I have reported this error before...and have a TAC case open for it...but have found a workaround that I wanted to share that might shed some light on the issue.
The URL of Common Services > Device Management when I get the error contains the FQDN.
If I modify this URL by removing the domain suffix and attempt the same change in the DCR the change is successful.
I found the problem. As I predicted, it has nothing to do with browser, FQDN, or anything. It is a transient issue that only affects Windows SMP systems. It tends to occur mostly on faster machines. A patch is on its way.
Local applications should never need to be registered. This happens at install time. If, however, you lose local applications (like Common Services) there is a command-line only procedure to get them all back. TAC needs to walk you through this, though.
I don't see how it's possible not to have applications which are installed on a server not available for remote registration. I certainly cannot reproduce that. You may very well have a problem with the CMIC registration database, and it might be a good idea to have TAC walk you through the procedure to dump and re-register all local applications on both servers.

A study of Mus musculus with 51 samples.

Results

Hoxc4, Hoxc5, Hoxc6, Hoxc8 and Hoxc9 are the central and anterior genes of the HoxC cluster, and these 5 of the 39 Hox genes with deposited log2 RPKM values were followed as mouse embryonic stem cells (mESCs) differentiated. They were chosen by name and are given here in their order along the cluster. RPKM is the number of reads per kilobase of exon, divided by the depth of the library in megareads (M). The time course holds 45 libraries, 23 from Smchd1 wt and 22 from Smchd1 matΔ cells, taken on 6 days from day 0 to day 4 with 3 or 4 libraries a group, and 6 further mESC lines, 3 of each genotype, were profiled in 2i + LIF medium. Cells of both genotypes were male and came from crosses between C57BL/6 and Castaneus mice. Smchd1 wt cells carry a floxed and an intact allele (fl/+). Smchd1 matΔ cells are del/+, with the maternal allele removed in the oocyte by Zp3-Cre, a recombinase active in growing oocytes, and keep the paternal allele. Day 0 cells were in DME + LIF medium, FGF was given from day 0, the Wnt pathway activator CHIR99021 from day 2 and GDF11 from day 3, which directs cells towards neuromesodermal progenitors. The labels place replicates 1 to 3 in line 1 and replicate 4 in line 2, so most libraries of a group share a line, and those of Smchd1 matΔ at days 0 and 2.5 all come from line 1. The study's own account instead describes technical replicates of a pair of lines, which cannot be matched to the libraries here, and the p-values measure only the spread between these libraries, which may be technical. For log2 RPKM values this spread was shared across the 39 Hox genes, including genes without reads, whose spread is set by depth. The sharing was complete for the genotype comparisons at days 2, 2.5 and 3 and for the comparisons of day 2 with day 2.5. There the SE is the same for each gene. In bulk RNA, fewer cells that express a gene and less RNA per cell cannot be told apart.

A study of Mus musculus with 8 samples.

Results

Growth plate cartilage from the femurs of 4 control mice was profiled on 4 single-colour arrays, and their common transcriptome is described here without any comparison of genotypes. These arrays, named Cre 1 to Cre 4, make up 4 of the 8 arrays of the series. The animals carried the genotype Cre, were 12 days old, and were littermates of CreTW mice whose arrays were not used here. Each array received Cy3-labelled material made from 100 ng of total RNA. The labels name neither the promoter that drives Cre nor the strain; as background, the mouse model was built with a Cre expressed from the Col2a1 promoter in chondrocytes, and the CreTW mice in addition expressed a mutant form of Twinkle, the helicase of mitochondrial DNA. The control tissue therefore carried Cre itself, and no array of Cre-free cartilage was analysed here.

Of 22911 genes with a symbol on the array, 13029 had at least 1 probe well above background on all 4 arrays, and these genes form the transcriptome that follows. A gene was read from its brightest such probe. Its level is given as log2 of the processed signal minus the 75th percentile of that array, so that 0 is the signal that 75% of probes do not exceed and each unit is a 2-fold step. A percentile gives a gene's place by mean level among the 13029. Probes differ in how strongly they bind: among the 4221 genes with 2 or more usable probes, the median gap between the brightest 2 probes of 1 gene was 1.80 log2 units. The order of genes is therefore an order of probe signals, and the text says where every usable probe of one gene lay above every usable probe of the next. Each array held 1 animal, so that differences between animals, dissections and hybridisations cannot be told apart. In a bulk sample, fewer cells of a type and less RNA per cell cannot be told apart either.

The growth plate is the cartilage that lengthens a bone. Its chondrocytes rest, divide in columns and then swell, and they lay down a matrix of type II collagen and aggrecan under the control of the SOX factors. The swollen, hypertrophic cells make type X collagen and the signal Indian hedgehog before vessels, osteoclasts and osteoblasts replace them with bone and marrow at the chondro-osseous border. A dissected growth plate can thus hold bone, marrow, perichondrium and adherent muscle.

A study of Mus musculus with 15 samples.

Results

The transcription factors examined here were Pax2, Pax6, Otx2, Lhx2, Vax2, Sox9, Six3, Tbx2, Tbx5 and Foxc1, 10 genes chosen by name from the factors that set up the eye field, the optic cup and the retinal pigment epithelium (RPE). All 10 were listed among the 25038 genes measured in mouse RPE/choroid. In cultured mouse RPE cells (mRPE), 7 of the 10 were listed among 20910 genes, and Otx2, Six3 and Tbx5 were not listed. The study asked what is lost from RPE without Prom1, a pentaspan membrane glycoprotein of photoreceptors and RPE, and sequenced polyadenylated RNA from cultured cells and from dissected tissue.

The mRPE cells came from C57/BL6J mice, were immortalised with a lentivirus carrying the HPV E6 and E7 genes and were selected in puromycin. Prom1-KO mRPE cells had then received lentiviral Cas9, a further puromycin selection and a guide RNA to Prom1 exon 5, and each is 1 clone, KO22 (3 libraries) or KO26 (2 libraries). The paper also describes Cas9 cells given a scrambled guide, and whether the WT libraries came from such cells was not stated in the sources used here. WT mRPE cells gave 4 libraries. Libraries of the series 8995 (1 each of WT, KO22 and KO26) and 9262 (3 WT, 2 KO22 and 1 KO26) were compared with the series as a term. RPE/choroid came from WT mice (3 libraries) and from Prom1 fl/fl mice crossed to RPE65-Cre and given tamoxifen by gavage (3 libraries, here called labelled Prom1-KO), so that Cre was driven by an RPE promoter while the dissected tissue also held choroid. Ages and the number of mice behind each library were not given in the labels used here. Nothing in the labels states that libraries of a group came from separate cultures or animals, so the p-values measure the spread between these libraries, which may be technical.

No, the register from remote server works just fine with short hostnames. I'm using it that way in my lab. Everything comes done to the SSL cert. If you create the certs with short hostnames, then you register servers with each other using short hostnames, and you access servers using the short hostnames, then everything will work.
Alternatively, if all of this is done with FQDN, then FQDN should work.
You need to decide how you want this all to work, then start from scratch. Regenerate the SSL certs on each server using the proper hostname. Remove all accepted peer server certs from each server, then reimport the new certs using the proper hostnames. Finally, re-register the applications from remote servers using the proper hostnames, re-setup DCR integration using the proper hostnames, etc. and everything should just work.